This page will provide you with information about having an abdominal hysterectomy. For further details, please speak to your consultant.
What is a hysterectomy?
A hysterectomy operation involves removing the uterus (womb), and usually the cervix as well. In some cases your ovaries may also need to be removed (see Figure 1).
Reasons for needing an abdominal hysterectomy include fibroids, ovarian cysts, and particularly heavy or painful periods.
What are the benefits of an abdominal hysterectomy?
As well as no longer having periods, hysterectomies can cure – or at the very least, improve – other negative symptoms.
Are there any alternatives to surgery?
Some oral medications can help treat heavy periods, as can removing the womb lining or being treated with an IUD (intra-uterine) device. In the case of fibroids, medication can manage the symptoms (depending on their size) or surgery can remove them. Uterine artery embolisation is another option.
What will happen during the operation?
Abdominal hysterectomies are performed under general anaesthetic and usually take an hour to complete. The gynaecologist will make an incision on your ‘bikini line’ (abdomen) before removing your womb and possibly your cervix through this incision. The surgeon will also need to make an incision at the top of your vagina in order to remove the cervix.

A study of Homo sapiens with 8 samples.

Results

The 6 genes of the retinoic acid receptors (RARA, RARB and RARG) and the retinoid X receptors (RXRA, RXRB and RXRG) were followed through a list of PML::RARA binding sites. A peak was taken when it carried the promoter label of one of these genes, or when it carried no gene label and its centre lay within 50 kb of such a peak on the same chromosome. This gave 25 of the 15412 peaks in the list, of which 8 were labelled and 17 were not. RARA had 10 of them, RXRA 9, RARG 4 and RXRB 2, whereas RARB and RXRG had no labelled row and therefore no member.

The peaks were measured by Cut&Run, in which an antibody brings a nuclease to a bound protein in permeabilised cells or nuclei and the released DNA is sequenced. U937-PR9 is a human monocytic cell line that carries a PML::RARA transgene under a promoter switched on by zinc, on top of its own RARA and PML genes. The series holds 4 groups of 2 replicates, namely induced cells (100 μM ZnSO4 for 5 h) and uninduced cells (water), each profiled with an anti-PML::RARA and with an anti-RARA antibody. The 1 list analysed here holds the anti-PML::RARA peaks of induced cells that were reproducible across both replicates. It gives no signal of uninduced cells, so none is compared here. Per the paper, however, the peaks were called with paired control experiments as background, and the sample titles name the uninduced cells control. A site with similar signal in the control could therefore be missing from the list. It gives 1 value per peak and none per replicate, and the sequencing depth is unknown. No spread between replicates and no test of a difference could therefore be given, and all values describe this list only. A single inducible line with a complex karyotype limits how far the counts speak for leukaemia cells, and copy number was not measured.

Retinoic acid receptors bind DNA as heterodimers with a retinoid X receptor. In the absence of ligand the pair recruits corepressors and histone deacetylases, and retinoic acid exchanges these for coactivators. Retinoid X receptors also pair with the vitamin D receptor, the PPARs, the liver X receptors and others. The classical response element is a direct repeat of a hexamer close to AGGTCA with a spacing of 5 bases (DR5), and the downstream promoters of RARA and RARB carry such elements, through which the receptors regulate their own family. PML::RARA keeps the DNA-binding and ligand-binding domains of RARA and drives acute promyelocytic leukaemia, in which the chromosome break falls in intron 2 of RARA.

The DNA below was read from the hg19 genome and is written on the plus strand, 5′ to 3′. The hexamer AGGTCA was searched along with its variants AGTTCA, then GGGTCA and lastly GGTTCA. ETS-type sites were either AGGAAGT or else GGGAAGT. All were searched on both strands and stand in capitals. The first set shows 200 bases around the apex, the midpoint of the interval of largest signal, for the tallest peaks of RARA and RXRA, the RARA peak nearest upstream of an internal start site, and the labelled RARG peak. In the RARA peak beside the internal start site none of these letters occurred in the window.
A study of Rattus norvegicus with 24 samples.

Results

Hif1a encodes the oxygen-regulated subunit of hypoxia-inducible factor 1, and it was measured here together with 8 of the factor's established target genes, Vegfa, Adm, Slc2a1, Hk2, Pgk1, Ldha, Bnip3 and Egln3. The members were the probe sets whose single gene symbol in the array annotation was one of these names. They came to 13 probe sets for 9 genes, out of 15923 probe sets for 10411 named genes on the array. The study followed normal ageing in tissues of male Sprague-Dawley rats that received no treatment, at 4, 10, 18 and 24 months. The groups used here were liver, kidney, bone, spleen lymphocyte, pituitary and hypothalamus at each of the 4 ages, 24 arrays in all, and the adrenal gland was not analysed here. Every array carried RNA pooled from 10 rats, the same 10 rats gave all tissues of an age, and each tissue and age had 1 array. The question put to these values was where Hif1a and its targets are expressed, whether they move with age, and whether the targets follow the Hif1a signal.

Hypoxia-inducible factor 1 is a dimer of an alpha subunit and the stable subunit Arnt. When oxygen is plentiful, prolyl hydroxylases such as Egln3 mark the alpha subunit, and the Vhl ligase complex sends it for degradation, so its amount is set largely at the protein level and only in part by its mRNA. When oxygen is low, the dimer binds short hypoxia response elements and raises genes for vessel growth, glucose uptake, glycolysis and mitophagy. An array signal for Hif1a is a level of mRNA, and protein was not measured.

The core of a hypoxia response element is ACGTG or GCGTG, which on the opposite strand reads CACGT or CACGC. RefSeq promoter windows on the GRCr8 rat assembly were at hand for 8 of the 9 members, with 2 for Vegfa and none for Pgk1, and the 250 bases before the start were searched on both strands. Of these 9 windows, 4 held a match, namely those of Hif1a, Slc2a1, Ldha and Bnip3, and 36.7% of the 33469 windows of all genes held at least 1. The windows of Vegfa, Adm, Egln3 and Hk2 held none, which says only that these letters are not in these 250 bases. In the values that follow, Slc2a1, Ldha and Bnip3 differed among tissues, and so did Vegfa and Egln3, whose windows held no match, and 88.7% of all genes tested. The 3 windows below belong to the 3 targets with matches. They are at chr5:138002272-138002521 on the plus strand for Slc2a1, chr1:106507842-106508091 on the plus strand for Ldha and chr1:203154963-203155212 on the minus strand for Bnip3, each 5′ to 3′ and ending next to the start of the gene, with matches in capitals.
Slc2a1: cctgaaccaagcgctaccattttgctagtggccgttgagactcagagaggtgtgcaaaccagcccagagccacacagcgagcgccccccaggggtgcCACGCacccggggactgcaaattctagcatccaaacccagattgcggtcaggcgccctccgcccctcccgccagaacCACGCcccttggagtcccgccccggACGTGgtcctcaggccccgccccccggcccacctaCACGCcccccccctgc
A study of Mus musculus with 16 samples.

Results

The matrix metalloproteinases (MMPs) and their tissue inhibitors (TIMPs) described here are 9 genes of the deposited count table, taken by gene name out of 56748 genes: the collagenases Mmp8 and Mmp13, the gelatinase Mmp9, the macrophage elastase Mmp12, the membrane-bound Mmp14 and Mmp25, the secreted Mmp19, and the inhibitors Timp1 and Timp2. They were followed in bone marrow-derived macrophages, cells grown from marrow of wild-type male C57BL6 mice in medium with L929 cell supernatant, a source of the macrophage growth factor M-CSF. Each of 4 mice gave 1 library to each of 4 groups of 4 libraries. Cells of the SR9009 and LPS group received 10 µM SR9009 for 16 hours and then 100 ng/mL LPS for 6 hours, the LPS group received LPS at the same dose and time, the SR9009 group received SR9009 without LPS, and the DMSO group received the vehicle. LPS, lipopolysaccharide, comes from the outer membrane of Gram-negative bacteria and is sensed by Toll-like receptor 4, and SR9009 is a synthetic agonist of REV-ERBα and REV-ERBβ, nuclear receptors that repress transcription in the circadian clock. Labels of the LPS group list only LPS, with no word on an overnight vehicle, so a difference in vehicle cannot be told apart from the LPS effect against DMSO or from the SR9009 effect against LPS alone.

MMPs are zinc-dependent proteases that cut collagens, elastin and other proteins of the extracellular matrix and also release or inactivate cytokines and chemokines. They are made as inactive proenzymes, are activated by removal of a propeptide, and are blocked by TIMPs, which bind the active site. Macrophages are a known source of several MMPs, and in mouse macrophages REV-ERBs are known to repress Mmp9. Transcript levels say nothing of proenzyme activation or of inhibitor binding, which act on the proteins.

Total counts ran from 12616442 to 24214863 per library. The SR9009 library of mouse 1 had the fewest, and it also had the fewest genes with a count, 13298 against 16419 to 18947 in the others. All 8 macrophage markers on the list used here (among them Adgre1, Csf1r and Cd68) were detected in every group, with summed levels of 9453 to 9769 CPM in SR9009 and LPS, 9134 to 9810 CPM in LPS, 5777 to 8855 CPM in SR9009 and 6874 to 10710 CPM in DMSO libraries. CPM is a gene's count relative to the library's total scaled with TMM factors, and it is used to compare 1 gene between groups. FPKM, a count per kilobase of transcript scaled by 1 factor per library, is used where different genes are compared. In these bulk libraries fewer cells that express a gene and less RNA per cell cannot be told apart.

Risks and complications
Any risks or complications will be discussed in advance of your treatment with your expert consultant.
Patients can usually go home four to six days after the operation, but will need to rest for two weeks and repeat the exercises taught in hospital. Depending on the nature of your job you will usually be able to return to work after six to eight weeks, and should feel back to yourself after around 12 weeks. Regular exercise can help with recovery, but it’s advisable to consult your health professional for advice on this.
EIDO Healthcare Limited – The operation and treatment information on this website is produced using information from EIDO Healthcare Ltd and is licensed by Aspen Healthcare.
The information should not replace advice that your relevant health professional would give you.